Working for community

Community and volunteer work I consider a must in everyones’ life.

I am happy I can spend part of my and Chefparade resources (time, money, facilities) for things that don’t bring us money but let us help people and organisations that need it. When we think about supporting some project, we tend to consider these three things:

i) system vs hands-on help
Let’s say, you want to do something about dog poo on the streets of your community.
What you can do is organise group of people or your friends / family every Saturday morning and clean it up.
That would surely help, but I believe it is important to know “why”.
Why is so much poo on the street?
Maybe you would realise, there is no help for dog owners to clean it up.
So, in case they forgot their “poo bag” they will simply leave it as it is.
Should you work with local council and put stands with “poo bags” and containers on the street and places where people with dogs go, you would solve most of the problem.

Build a system that helps prevent the problem vs try to get rid of results of a problem.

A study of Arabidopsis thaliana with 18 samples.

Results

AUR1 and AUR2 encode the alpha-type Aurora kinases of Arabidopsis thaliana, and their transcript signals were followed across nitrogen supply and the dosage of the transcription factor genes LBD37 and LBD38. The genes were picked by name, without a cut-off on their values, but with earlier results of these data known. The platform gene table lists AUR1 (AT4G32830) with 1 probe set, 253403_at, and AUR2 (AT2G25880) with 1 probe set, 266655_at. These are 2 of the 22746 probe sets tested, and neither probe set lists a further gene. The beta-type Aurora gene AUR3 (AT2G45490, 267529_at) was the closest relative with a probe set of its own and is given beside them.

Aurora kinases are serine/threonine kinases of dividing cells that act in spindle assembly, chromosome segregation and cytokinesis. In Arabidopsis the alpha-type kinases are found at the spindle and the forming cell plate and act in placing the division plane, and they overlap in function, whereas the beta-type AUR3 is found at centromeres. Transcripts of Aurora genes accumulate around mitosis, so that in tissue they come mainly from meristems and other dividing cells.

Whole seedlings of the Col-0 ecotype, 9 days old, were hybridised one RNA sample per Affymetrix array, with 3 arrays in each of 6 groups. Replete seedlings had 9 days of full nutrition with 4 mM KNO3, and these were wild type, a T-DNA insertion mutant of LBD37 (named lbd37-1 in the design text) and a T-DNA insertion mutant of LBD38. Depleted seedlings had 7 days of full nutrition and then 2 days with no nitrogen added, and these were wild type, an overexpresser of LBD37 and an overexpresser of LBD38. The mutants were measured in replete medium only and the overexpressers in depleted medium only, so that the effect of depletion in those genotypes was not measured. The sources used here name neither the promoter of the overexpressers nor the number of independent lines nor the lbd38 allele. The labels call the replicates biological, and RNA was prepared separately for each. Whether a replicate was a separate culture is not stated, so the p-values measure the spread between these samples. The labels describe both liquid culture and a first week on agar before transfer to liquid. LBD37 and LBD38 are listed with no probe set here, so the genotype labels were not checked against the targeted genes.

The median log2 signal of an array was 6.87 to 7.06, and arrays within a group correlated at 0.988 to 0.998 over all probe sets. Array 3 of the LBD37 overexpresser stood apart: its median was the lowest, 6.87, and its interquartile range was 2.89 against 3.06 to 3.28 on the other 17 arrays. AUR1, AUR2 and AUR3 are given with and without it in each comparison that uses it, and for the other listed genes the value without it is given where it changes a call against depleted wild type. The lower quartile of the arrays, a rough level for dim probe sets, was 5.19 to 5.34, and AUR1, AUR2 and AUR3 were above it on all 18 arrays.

ii) scale
Think about how many people you can influence with your community work.
If you mentor somebody 1 – 1 you are helping 1 person.
If you do the same for group of people on some conference you are then helping tens, maybe even hundred people.
If you create a blog where you share your knowledge, you can help thousands, even millions of people.

It requires bit more time and effort to do, but the impact you make is tremendously bigger.

iii) multiplication effect
Creating a social enterprise company may help some cause and also employ some people. Thing is, if you’re good at it and you would teach 10 people how to create social enterprise company that would result in more causes helped and more people employed. Multiplication effect of your work would have much bigger impact than running your own social enterprise.